The Cape Perpetua Collaborative launched the Cape Perpetua Marine Reserve Ambassador Program at Smelt Sands State Park in Yachats, Oregon last summer. Volunteers were on hand to answer questions, promote safety and tide pool etiquette as well as enhance awareness of local resources and history, bringing alive the richness of Yachats, a small coastal town adjacent to the Cape Perpetua Marine Protected Area.
Most visitors to Yachats just pass through on the busy highway. Others who stay to enjoy the sites and natural beauty are unaware of the marine ecosystem they are witnessing and unfortunately, this can put visitors at risk of injury to themselves and to marine wildlife. The Cape Perpetua Marine Reserve Ambassador program provided an avenue for environmental preservation, appreciation, while highlighting Yachats as a special area on the central coast. We wanted to encourage visitors to embrace the significance around them.
The Cape Perpetua Collaborative trained 6 active volunteers for the Cape Perpetua Marine Reserve Ambassador Program. We are so grateful to these volunteers who dedicated 82.5 total hours to connect with visitors in a meaningful way. They engaged with 1087 people during the weekends, July – September, 67% of which were from Oregon, 9% from Washington, 5% from California and others from a spattering of states.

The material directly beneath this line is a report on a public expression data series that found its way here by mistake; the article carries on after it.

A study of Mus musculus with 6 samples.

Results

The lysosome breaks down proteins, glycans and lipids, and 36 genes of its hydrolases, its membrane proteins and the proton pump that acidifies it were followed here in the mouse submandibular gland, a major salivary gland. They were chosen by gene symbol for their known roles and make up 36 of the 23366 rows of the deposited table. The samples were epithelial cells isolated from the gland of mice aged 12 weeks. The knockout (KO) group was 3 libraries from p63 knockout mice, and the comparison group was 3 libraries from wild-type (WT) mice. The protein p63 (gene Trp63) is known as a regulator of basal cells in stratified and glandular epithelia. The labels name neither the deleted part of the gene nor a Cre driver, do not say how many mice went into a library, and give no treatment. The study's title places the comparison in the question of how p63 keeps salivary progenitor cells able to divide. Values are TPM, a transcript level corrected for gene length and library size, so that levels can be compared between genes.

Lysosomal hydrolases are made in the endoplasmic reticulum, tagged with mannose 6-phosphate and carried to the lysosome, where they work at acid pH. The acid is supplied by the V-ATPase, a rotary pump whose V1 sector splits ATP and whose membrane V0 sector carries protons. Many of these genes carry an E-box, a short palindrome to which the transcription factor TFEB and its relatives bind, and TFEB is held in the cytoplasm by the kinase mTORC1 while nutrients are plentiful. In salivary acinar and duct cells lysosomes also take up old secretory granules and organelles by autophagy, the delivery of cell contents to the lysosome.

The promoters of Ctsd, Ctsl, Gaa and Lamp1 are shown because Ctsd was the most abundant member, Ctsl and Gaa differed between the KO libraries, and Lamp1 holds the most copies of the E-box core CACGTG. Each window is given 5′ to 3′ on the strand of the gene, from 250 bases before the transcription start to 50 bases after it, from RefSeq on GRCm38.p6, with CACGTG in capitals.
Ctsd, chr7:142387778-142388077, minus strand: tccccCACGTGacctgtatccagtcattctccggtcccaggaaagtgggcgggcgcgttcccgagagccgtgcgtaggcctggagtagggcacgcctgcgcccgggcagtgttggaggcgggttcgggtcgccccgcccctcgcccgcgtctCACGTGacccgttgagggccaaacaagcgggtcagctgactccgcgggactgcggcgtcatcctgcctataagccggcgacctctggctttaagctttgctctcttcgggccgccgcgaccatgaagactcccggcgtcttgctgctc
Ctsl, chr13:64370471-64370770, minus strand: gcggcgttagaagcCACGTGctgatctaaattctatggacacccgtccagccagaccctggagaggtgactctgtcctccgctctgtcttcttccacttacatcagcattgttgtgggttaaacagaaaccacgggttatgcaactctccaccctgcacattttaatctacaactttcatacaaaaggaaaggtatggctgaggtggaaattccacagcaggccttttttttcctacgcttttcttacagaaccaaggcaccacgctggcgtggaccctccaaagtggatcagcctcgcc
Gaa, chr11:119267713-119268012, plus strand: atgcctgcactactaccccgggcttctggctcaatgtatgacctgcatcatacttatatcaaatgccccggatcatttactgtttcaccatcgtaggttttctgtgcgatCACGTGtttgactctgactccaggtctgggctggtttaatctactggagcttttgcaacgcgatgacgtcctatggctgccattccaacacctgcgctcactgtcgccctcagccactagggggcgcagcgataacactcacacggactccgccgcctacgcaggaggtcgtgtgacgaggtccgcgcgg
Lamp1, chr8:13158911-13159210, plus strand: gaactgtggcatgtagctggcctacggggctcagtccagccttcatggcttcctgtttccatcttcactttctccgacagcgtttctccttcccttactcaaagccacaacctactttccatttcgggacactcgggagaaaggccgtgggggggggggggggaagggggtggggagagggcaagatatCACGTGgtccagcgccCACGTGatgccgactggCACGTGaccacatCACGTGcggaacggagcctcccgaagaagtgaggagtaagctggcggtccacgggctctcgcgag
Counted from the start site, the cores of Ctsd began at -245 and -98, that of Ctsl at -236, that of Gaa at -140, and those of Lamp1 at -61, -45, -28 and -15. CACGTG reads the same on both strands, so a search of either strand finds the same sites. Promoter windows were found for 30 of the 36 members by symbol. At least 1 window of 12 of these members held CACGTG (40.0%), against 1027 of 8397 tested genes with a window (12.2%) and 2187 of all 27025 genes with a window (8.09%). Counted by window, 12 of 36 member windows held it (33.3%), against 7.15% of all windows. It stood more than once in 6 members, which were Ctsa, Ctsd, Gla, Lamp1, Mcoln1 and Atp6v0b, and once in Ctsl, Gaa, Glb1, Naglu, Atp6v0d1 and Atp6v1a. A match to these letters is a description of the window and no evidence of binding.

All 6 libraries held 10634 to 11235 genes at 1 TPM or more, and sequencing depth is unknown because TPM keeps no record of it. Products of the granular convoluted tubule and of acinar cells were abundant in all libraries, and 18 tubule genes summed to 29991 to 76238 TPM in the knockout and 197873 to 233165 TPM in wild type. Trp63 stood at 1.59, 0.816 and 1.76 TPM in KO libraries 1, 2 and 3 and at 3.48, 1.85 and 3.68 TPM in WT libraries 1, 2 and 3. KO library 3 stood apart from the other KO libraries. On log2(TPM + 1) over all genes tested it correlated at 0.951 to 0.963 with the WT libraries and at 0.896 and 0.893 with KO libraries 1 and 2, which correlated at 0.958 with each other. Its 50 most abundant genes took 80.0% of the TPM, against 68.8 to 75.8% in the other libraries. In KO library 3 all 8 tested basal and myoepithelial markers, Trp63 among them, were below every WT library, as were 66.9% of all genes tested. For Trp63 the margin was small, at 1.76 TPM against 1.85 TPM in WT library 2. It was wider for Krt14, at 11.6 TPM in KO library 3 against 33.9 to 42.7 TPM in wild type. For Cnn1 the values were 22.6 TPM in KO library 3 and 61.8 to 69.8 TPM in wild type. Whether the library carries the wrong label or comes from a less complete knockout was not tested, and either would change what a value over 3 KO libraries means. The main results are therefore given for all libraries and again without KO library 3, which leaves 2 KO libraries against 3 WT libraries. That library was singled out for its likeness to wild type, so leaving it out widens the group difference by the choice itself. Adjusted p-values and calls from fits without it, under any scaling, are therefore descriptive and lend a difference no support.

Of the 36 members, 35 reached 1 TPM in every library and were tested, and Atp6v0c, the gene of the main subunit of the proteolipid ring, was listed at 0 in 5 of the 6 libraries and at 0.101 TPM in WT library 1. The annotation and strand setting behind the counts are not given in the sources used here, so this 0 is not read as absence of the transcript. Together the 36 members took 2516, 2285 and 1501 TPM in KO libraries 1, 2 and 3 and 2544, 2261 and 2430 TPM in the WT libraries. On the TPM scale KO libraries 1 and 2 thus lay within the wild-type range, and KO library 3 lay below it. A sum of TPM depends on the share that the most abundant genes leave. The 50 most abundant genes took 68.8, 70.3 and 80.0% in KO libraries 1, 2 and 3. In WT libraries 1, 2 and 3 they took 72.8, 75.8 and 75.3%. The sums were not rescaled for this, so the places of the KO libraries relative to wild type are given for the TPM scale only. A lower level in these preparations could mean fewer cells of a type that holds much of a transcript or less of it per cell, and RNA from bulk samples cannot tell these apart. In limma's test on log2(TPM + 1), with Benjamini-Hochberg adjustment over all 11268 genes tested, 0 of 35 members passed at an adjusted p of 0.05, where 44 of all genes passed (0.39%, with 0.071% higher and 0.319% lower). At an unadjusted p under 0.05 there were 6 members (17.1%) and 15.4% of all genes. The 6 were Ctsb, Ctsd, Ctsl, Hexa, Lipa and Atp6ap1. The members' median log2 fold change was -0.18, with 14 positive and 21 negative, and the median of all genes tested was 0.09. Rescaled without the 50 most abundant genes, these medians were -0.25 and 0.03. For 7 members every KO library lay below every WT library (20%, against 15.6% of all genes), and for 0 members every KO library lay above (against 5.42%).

The highlights of conversations between the volunteers and visitors included much excitement and questions around tidepooling, educators grabbing information to share with their students on the Cape Perpetua Marine Reserve, Amanda Trail and First Nations History, hearing family stories, chatting with valley folks who were escaping the smoke and the canine friends appreciated the dog treats. The volunteers handed out self-guided activities such as a tidepool scavenger hunt and coloring sheet as well as stickers for visitors to take a memento home.
Big THANK YOU to our volunteers and to our partners who helped make this program possible: Oregon State Parks, Overleaf Lodge, City of Yachats, View the Future, American Cetacean Society – Oregon Chapter and Portland Audubon.